Deep cuts to a therapy program for poor and disabled children will not take effect Oct. 1, a state district judge ruled Tuesday afternoon — the second such delay in recent weeks.
“Procedurally I'm not making a determination that these acts are valid or invalid,” said State District Judge Tim Sulak in his announcement that he would grant a temporary injunction to prevent the state from slashing payments to therapists. But he said he made his ruling in part because he’d been convinced the cuts could jeopardize the health of children receiving the therapy services.
It marked the first decision in a series of legal challenges filed by therapy providers and families of children with disabilities, who seek to prove that by slashing payments to therapists, the state will cause as many as 60,000 children to lose access to those services. The idea is that the low pay will force providers to drop out of the program.
State lawmakers this year ordered the Texas Health and Human Services Commission to reduce funding for therapy services by roughly $350 million in state and federal funds over two years. Those savings would primarily come from reductions in the rates paid to therapists by Medicaid, the public insurance program for the poor and disabled — in some cases by about 20 or 25 percent.
But that seemingly simple goal to reduce payments has been complicated by some ambiguous language in the state budget, which directs the health commission to consider “access to care” when applying the cuts. Families of children who need the services say the speech, physical and occupational therapy covered by Medicaid can be life-saving — by helping kids learn to nurse, walk and speak, for example — and that the state is poised to limit access by forcing providers to drop out of the program.
Another Travis County judge dismissed a previous lawsuit filed by family members of children with disabilities over the state’s first announced plan to the reduce payments — originally scheduled for Sept. 1 — after the state announced it would “start over” in deciding how to implement the budget cuts.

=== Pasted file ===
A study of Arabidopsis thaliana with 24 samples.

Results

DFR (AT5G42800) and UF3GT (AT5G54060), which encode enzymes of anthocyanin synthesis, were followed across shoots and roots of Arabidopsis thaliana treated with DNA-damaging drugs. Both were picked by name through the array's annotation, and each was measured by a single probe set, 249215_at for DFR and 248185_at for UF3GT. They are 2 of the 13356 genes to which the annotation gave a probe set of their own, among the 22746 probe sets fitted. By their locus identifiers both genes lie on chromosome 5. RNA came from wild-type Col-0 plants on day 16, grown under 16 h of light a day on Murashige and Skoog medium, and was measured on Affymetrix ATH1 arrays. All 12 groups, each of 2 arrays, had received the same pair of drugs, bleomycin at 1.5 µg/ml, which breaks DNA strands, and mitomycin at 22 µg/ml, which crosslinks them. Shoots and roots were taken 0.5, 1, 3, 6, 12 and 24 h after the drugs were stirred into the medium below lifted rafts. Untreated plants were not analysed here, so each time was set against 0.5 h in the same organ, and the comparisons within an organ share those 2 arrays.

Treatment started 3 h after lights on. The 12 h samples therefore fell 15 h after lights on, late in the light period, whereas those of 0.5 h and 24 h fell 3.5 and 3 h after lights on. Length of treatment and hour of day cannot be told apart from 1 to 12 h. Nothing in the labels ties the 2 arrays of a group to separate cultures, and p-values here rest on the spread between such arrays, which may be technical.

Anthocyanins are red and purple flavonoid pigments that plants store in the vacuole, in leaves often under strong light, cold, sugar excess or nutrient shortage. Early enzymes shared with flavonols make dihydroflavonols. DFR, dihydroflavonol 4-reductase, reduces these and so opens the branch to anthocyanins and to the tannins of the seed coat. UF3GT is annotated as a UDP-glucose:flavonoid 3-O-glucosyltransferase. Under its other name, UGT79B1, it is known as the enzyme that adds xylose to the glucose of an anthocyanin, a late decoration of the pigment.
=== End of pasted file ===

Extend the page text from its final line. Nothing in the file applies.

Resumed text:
The health commission says it’s just following the Legislature’s orders by implementing the cuts, and that opponents’ claims providers will stop treating disabled children are exaggerated. In closing arguments, Eugene Clayborn, a lawyer representing the state, said there was “no evidence” of critics’ arguments that “the sky’s going to fall in” because of the cuts.
“There will still be access to care,” he said.
The lawyers suing the state focused much of their argument on trying to disprove that point. Owners of home health agencies in North and Central Texas testified that their businesses would be forced to close, including in markets where they are the main provider of therapy care.
And they presented evidence from inside the health commission that shed light on the agency’s discussions around access to care.
One director at the health commission testified that state employees had been told never to say that they were certain the cuts would not jeopardize access to care.
And an internal memo from the health commission presented by Dan Richards, a lawyer suing the state, warned that payment cuts to therapists “could have serious negative implications for the maintenance of an adequate therapy provider base.”
The Texas Health and Human Services Commission, which is charged with implementing the therapist payment cuts, is expected to appeal the decision.